Chief Scientist at the World Health Organization, Soumya Swaminathan on Friday, 18 June, said that the Delta variant of the coronavirus, which was first identified in India, is becoming the globally dominant variant.
"“The whole [coronavirus] situation is so dynamic because of the variants that are now circulating, and as you [reporter] said, the delta variant is well on its way to becoming the dominant variant globally because of its significantly increased transmissibility.”" - Soumya Swaminathan
WHO Needs More Data
Swaminathan made the statement while responding to a question about reports on the COVID-19 vaccine Sinovac failing to prevent hospitalisation among healthcare workers in Indonesia as the jab had “limited efficacy” against the delta variant.
Swaminathan said the health body needs more data from well-conducted studies on the efficacy of vaccines used in different countries against the various strains that have emerged. She said that the WHO has a special expert group to track the effectiveness of the vaccines against different variants.
“This also means that countries need to do sequencing side by side with documenting vaccine effectiveness,” Swaminathan said.
Delta Plus COVID Variant
The Delta variant, or the B.1.617.2 strain, was found to be the primary reason behind India’s dangerous second wave of the coronavirus. First found in India, the WHO has classified it as a variant of concern.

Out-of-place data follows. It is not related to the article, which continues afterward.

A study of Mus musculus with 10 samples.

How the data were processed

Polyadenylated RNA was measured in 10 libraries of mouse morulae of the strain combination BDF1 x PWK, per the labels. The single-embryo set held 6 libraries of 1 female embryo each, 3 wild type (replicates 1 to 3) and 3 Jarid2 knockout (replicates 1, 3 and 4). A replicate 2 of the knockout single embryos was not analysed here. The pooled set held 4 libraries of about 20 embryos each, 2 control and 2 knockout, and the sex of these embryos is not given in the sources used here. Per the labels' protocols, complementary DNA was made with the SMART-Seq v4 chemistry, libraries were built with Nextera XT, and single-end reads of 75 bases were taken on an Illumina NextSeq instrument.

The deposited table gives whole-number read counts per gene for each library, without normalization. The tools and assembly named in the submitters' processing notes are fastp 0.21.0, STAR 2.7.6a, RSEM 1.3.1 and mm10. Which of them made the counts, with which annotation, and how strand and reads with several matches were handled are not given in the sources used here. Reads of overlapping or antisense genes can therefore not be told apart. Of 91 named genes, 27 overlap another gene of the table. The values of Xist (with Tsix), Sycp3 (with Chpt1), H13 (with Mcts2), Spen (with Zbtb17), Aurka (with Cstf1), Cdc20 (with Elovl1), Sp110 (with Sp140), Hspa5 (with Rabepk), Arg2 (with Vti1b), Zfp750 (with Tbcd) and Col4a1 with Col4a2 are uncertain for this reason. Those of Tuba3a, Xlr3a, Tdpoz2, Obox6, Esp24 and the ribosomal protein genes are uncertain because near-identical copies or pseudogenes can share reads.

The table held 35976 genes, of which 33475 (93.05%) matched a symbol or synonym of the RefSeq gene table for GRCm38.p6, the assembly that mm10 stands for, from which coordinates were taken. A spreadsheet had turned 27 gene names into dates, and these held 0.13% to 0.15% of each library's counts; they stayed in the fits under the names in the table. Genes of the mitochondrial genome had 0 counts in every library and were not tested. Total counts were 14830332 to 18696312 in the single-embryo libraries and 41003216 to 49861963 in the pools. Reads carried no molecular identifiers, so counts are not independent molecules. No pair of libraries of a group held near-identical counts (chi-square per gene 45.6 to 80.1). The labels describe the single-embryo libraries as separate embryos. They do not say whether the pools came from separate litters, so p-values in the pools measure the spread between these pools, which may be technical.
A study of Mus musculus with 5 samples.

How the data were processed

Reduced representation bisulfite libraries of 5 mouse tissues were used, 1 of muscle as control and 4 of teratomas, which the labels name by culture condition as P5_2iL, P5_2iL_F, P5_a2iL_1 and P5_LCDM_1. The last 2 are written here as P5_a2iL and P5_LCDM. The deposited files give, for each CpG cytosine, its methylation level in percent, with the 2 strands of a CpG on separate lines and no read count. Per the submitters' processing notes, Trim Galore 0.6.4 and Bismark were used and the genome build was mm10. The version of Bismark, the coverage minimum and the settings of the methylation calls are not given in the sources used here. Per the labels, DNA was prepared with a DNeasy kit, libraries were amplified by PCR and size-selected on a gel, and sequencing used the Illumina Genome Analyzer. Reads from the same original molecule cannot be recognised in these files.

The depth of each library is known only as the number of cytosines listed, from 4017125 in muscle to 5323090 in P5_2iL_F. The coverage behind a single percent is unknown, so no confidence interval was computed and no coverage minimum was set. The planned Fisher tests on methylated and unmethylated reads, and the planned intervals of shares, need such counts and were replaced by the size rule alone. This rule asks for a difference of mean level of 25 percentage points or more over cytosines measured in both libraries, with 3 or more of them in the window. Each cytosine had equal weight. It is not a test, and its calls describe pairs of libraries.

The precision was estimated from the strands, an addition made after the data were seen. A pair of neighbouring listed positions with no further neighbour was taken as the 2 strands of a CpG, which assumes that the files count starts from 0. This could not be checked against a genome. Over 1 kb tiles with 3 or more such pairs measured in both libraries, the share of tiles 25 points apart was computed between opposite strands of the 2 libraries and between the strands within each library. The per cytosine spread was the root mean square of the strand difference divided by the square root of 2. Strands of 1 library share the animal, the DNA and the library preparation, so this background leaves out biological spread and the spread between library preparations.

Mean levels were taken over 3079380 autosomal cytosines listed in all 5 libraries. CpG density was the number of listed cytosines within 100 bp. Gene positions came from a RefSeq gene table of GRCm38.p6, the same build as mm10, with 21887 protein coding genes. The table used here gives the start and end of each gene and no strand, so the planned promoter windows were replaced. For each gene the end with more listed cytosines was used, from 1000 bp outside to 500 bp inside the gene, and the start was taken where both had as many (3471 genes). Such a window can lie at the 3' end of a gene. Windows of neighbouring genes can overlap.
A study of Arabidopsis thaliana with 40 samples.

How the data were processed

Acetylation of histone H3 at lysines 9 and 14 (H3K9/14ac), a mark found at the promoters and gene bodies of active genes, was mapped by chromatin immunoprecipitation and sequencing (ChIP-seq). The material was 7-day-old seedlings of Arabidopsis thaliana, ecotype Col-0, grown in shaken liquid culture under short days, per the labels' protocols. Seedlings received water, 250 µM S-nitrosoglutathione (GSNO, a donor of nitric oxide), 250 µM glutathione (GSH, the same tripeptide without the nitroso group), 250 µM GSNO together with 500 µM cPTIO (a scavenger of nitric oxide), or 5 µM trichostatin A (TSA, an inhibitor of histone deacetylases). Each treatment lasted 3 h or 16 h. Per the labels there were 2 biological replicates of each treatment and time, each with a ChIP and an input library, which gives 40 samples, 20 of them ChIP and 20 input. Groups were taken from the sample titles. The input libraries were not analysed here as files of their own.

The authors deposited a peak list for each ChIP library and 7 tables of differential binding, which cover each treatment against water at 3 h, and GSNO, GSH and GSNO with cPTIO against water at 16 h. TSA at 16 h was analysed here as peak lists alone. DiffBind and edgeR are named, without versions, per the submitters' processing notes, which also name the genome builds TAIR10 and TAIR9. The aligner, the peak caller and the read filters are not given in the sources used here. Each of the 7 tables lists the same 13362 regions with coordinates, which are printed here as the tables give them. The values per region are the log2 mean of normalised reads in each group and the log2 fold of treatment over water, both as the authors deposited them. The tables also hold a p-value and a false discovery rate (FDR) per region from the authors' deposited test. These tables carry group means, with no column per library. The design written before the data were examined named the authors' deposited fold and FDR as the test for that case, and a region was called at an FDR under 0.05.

The Delta variant has now acquired the K417N spike mutation – to form the ‘Delta Plus’ or AY.1 variant.
The Delta variant – or the B.1.617.2 strain – were primarily responsible for the surge in cases with high transmissibility of 50 percent more than Alpha variant (B.1.1.7), as per study by INSACOG (Indian SARS-CoV-2 Genome Sequencing Consortia) and National Centre for Disease Control (NCDC).
The World Health Organization (WHO), on 31 May, announced new labels for COVID variants of concern and interest, using letters of the Greek alphabet.
The WHO further found that “resurgence and acceleration of COVID-19 transmission in India had several potential contributing factors, including an increase in the proportion of cases of SARS-CoV-2 variants with potentially increased transmissibility”.
“Several religious and political mass gathering events that increased social mixing; and, underuse of and reduced adherence to public health and social measures,” were also pointed out by the WHO.